My Weeks in Movies: Oct. 13-26

Tucker and Dale vs. Evil (2011) In terms of gory-yet-witty send-ups of horror movie tropes, Cabin in the Woods is good, but Tucker and Dale vs. Evil is great. While the former is impressed with its own cleverness, the latter is too busy delivering some terrific character work to bother being smug. The result is a rarity in the genre, a “yes” answer to that classic question Would I enjoy watching these characters just hanging out? Heck, I’d watch Alan Tudyk and Tyler Labine all day; the horror/comedy antics are just icing. And what icing! By turning well-worn slasher flick ideas into a Three’s Company-esque case of misunderstandings and shenanigans (peppered with a well-honed sense of Looney Tunes-esque slapstick), writers Eli Craig (who also directed) and Morgan Jurgenson craft some of the sharpest, smartest, and funniest comedy I’ve seen in years.

Haunted Honeymoon (1986) I have less kind things to say about Haunted Honeymoon, a passable but too inconsistent comedy that should’ve been a slam dunk considering its cast – Gene Wilder! Gilda Radner! Dom deLuise! Jonathan Pryce! – all under the direction of Wilder himself. There are some delightful moments, most notably a kooky sequence with Wilder atop a corpse in a coal chute, but these aren’t enough to carry us through the lesser bits, where the cast takes a seldom successful “louder is funnier” approach. Curiously, the best scenes are the film’s bookends, quirky asides set in 1940s live radio. These pieces shine with a crackling energy and a surprising amount of period detail. Where was this magic for the other eighty minutes?

Island of Lost Souls (1932) I’m not as big a fan of this early adaptation of The Island of Dr. Moreau as most, but I definitely thrill to its eerie sadism – one shot in particular, in which our hero briefly stumbles upon Charles Laughton’s Moreau mid-surgery, is one of the flat-out creepiest moments in 1930s horror cinema. Less eerie yet equally commendable is the effects makeup, deceptively simple appliances that turn Bela Lugosi and an army of extras into indefinable beast-men. Charles Gemora and Wally Westmore’s work here rivals anything Jack Pierce did at Universal.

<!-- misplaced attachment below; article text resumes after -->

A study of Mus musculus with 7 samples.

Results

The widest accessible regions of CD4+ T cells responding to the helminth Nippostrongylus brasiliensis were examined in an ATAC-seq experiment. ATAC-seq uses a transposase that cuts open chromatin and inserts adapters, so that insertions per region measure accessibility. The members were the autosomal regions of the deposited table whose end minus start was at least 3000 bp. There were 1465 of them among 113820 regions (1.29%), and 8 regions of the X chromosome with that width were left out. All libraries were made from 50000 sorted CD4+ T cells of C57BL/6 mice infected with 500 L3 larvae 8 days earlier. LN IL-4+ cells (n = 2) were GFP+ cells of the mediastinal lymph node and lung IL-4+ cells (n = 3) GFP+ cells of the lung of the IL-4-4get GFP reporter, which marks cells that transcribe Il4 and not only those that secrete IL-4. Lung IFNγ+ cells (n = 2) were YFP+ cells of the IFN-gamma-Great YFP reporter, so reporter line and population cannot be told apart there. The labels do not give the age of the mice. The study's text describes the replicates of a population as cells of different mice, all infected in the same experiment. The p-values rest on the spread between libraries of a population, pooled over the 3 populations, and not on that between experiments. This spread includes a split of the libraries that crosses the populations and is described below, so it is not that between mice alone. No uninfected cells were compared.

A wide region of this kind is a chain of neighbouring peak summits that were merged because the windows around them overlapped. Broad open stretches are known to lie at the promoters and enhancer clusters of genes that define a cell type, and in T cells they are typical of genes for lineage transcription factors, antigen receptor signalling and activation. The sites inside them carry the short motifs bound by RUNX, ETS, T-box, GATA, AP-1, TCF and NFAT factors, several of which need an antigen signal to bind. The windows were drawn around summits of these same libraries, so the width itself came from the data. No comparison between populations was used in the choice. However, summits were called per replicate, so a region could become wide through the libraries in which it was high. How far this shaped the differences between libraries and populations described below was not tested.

Young Frankenstein (1974) It’s difficult at times to watch comedies with my teenage daughter. Despite a deep appreciation for silliness, she takes her movies very, very seriously, demanding empathy for even the goofiest characters. She has cringed at Ron Burgundy’s mishaps and cheered Wayne Campbell’s triumphs, and now she has chided me for daring to laugh at the creature in Young Frankenstein. He’s a sweetheart, you see, and it’s not his fault he can’t sing as well as Gene Wilder. (As she put it, “He’s trying the best he can!”) Needless to say, while she thoroughly enjoyed the film, she did not find the “Puttin’ on the Ritz” sequence as funny as I do.

The Blob (1958) One of my all-time favorite creature features, and a Halloween tradition. I’ve written about it before, apparently back when I was trying to make “The Randomness” a thing around here, for which I’m deeply, deeply sorry.

Them! (1954) Another of my all-time favorite creature features, and another Halloween tradition. I’ve always been fascinated by how well Them! plays with the mystery of its first act. So closely does it guard its secrets, so well does it dole out its clues, it seems a shame to have the movie’s actual premise spoiled in posters, trailers, and nearly sixty years of discussion. I can understand the studio’s dilemma (to sell a monster movie, you must sell the monster – or, at the very least, you must sell the admission that there is a monster), but, man, what a great slow burn the movie’s early scenes deliver. All that spare time ensures the focus is placed on characters and tone, allowing the story to thrive once the potentially ridiculous elements show up.